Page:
Counseling Program

Classroom Lessons | Small Group Counseling | Individual Counseling | Consultation | Coordination/Referral | Case Coordination | Crisis Response | Testing | Family Assistance | Program Delivery | Consistency of Services

Classroom Lessons:
School Counselors may deliver services by teaching lessons in the classroom to an entire class. Through these lessons, counselors seek to implement a comprehensive developmental curriculum comprised of standards from academic, career, and personal-social domains. Counselors design effective, interesting lessons for diverse groups of students and create positive learning environments. They may also collaborate with classroom teachers to reach mutual goals.

Small Group Counseling:
In small group counseling, a counselor works with two or more students together. Group discussions are generally based on structured learning experiences. Group members have an opportunity to learn from each other. They can share ideas, give and receive feedback, increase their awareness, gain new knowledge, practice skills, and think about their goals and actions. Group discussions may be problem centered, where attention is given to particular concerns or problems. Discussions also may be growth centered, where general topics are related to personal and academic development.

Individual Counseling:
Counselors may engage in individual counseling sessions with students to work on a problem together or a specific topic of interest. A one-on-one meeting with a counselor provides a student maximum privacy in which to freely explore ideas, feelings and behaviors. School counselors establish trust and provide information, always considering actions in terms of the rights, integrity, and welfare of the student.

Counselors are obligated by law and ethical standards to report and to refer a case when a person's welfare is in jeopardy. It is a counselor's duty to inform an individual of the conditions and limitations under which assistance may be provided. Individual counseling generally addresses the specific concerns of targeted students with an identified need.

The counselor as a consultant primarily helps students, parents/guardians and teachers to be more effective in working with others. Consultation helps students, parents/guardians and teachers think through problems and concerns, acquire additional knowledge and skills, and become more objective. This intervention can take place in individual or group conferences, staff development activities, or parent/guardian informational seminars.

Coordination / Referral:
Counselors serve as a liaison between teachers, parents/guardians, support personnel, and community resources to facilitate successful student development. Counselors are familiar with community services and often refer families in order to enhance their child's academic, career, or personal/social growth.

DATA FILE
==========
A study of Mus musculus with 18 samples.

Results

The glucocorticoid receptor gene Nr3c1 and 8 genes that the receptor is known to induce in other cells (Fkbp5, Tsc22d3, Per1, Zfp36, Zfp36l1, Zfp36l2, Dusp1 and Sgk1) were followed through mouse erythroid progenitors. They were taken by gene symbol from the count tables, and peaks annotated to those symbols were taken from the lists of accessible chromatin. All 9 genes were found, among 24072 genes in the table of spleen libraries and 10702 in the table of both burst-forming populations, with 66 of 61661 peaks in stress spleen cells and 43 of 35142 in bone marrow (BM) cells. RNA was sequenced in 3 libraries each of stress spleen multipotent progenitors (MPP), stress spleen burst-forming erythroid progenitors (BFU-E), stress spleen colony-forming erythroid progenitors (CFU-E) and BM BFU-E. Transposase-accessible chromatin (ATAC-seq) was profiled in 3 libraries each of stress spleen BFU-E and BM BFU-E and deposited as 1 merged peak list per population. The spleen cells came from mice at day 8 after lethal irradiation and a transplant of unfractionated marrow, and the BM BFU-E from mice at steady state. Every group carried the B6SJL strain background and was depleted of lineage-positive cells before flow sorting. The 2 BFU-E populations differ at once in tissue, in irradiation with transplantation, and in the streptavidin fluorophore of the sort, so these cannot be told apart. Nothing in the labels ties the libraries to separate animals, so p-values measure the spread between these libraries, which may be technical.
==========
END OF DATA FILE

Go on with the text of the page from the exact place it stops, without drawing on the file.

Case Coordination:
Counselors may assist with the development and appropriate implementation of an individual student's plan toward achieving success in academic, career, and personal/social areas. This plan may be developed by the Multidisciplinary Action Team (MAT) or by other educational professionals in collaboration with parents/guardian. Counselors may participate in meetings involving referral of students to the Child Study Team (CST) in the CST Initial Evaluation Plan meeting, and the CST Annual Review meetings.

Crisis Response:
Counselors are integral members of the school and district crisis response team. All counselors will be trained by the district in Non-Violent Crisis Intervention techniques and will be familiar with procedures in case of emergency. In cases of suspected child abuse or threats to harm self or others, counselors are thoroughly familiar with district policies and practices (See Appendix E for Board of Education policies related to School Counselors and Guidance Programs).

Family Assistance:
School Counselors will assist students by being school and community agency consultants. They are aware of community resources and help families to access these resources as need arises. They coordinate programs within their individual schools to assist school families during holiday times and throughout the school year. School Counselors update their resources frequently in order to provide the most current information possible.

Program Delivery:
The goal of the School Counseling/Guidance Curriculum Guide is to produce a “Best Practices Document." The degree of implementation and effectiveness of the Galloway Township Public School Counseling/Guidance Program and the PreK-6 and 7-8 guidance curricula will be related to the availability of resources and personnel within each school building. To achieve balance among the program components and to use all of the delivery methods, it is necessary to maintain a realistic counselor-student ratio that fully supports the number of staff necessary to provide a standards-based program. The American School Counselor Association (ASCA) recommends a ratio of 1/100 (ideal) to 1/250 (maximum) to implement a standards-based, comprehensive developmental school counseling program. In addition, a comprehensive developmental school counseling program is a full-time program and requires counselors to spend 70-80% of their time in direct contact with students. The school counselor's duties need to be limited to program delivery and direct counseling services. (Campbell, Dahir, 1997, ASCA “The National Standards")

Consistency of Services:
School Counselors assist with incoming and outgoing transfer students, including transfers within the Galloway Township School district, in order to assure appropriate placement and to support these students as they transition into and out of our schools. Coordination also occurs with the local high schools to assure continuity of services for the students who reside in our community.